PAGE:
Bank Owned (REO) Foreclosures RSS Icon

Bank owned homes and properties, also known as foreclosures and REO properties, can be an exceptional deal for both buyers and investors.  If you're in the market for a foreclosure you can begin your search on our website, we list every bank owned foreclosure currently for sale.  We're also a local leader in listing bank owned foreclosures with established relationships with many of the largest banks and servicers in the country.  We also can show you every property listed by Fannie Mae, Freddie Mac, HUD and the VA.  Begin your search online or contact one of our experienced real estate brokers for assistance.

Found 13 entries about Bank Owned (REO) Foreclosures.

Looking for a good deal on a house? If you're not picky, have some time and know-how, a bank owned foreclosure may be a good option for you.

According to National Mortgage Professional Magazine, sales of foreclosures are slowly creeping up. In September, the sale of bank-owned properties rose 2%, but there are still a lot of these properties on the market, available for a good price. Nationally, distressed houses (foreclosures) sold for a median price of $112,000 last month, 41% less than the median price of non-distressed houses, which came in at $189,000.

If you're shopping for property and are considering foreclosures, consider some of these tips:

  1. Find a realtor who knows a lot about foreclosures. They often have relationships with the

Research thoroughly

Just as with anything else that involves a hefty financial investment, you will want to do a lot of research on the market, paying particular attention to the properties that you want to buy. By looking into the financial and chronological history of the


How is buying a foreclosed home different from a traditional sale?

Well, first it helps to understand what happens in a foreclosure. When a homeowner stops paying his mortgage, the mortgage owner--usually a bank--will serve the homeowner a notice of foreclosure. At this point both parties might opt to try a short sale (which


HUD homes have a terrible reputation as homes that need a lot of work. While part of this is true, it's not such a terrible thing to have a house that's a fixer-upper. Homes fall under the HUD umbrella when they go into foreclosure through an FHA loan. It certainly doesn't mean that the home is in serious disrepair.

It is always a good idea to have the home thoroughly checked by an inspector to make sure there is no serious structural damage. You want to make sure the


If you are thinking


Fannie Mae’s unique HomePath foreclosure program offers extremely lenient financing terms to the purchasers of foreclosures owned by Fannie Mae. These properties are advantageous for many reasons, including special financing, a streamlined loan process, and properties that are in far better condition than standard foreclosures.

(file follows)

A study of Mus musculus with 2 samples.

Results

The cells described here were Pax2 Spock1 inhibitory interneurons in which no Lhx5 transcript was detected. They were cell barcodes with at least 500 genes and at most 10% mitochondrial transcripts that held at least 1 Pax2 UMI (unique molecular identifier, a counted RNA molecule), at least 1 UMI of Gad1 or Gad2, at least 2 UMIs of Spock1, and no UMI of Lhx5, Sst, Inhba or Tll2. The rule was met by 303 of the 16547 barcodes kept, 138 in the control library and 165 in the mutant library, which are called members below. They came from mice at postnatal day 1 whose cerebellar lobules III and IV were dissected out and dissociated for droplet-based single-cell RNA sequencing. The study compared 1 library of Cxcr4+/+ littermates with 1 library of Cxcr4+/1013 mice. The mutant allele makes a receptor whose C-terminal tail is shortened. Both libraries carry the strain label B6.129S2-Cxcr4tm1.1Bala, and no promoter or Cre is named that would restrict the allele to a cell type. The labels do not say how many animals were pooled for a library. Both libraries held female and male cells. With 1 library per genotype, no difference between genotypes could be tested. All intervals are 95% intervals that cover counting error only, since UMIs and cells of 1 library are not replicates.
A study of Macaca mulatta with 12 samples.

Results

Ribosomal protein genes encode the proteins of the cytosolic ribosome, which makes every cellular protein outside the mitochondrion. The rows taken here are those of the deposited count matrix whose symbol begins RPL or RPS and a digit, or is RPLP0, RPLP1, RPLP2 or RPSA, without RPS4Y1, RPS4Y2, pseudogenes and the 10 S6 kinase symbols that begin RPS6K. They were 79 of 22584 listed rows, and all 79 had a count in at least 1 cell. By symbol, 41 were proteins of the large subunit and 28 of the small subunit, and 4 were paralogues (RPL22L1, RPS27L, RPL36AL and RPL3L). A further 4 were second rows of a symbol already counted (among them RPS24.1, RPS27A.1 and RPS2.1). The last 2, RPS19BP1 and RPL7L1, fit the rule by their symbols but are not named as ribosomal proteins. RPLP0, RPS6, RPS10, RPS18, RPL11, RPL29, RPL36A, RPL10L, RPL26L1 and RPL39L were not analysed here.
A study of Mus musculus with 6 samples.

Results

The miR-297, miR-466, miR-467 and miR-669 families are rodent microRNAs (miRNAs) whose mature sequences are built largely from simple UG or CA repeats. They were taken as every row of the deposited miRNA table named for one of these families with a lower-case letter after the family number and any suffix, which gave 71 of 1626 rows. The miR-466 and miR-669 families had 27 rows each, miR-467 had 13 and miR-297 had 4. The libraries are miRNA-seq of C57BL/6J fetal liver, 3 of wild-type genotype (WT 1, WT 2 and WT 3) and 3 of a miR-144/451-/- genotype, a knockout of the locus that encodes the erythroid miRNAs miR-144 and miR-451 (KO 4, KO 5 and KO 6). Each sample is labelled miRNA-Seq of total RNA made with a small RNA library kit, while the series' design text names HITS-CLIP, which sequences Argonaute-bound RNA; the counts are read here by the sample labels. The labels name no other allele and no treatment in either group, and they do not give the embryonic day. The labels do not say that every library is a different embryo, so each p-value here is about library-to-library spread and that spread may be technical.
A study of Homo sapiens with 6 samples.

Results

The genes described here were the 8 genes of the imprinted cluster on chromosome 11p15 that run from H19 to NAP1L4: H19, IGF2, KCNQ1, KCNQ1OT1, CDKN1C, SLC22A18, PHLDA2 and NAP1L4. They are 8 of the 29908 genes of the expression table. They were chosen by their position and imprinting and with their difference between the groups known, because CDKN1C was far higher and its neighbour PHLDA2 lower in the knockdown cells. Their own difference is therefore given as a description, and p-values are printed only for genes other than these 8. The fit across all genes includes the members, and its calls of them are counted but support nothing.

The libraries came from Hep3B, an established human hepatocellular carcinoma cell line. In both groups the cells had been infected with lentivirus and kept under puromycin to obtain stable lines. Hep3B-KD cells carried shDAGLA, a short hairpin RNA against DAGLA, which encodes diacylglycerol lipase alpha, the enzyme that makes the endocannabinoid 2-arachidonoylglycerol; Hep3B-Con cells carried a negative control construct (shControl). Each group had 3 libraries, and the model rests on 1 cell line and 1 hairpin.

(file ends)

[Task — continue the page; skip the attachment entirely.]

HomePath offers two types of financing: the HomePath mortgage, and the HomePath renovation mortgage. With a HomePath mortgage, the buyer’s down payment can be as low as 3% down, and unlike other low down payment loans no mortgage insurance is required. The HomePath mortgage is


The Good Neighbor Next Door (GNND) program offered is a great way for the everyday service heroes in the United States to purchase a home that has gone into a HUD foreclosure. These homes and their mortgages are insured through the FHA or Federal Housing Association and when the buyers who live in those homes can’t afford the payments go into foreclosure are offered to the public. Being on the list gives you an advantage in bidding for and obtaining these HUDhomes.

Because the professions mentioned above are considered to be good neighbors, HUD offers the program to them as


With the recent housing market crash and the credit crunch, the options for buying a home with no or low payment has been pretty much wiped out. But there is one great option still available in some parts of the country and that is buying HUD homes for sale by using the HUD $100 Down Payment Program.

First, we need to discuss what a “HUD home” is. A HUD home is a property that has been foreclosed on that originally used FHA insured financing to purchase the property. The homeowner could not make the payments for whatever reasons and the lender foreclosed on it. HUD then


HUD government homes or repo homes where the mortgage was insured by FHA and then foreclosed upon may be bought as owner-occupied homes or by investors. The process for an investor is different and all investors must abide by specific guidelines.

Every foreclosed home for sale by HUD is first placed on the market for ten days where only buyers who intend to occupy the home are allowed to bid. This is called the Exclusive Listing period and investors are not allowed to bid during the first 10 calendar days after the home listing is posted. Listings are posted every Friday morning and from that time,


With a knowledgeable real estate agent, a little research and some patience, you can negotiate a direct purchase of previously foreclosed property from the bank that holds the title – sometimes saving thousands of dollars in the process.

REO Homes

The last step in the foreclosure process – selling the home – begins at the foreclosure auction. Because the bank wants to recover the previous homeowner’s remaining mortgage debt along with any additional costs incurred during the foreclosure process, the price the bank needs to sell the property for is often higher than auction participants are willing to pay.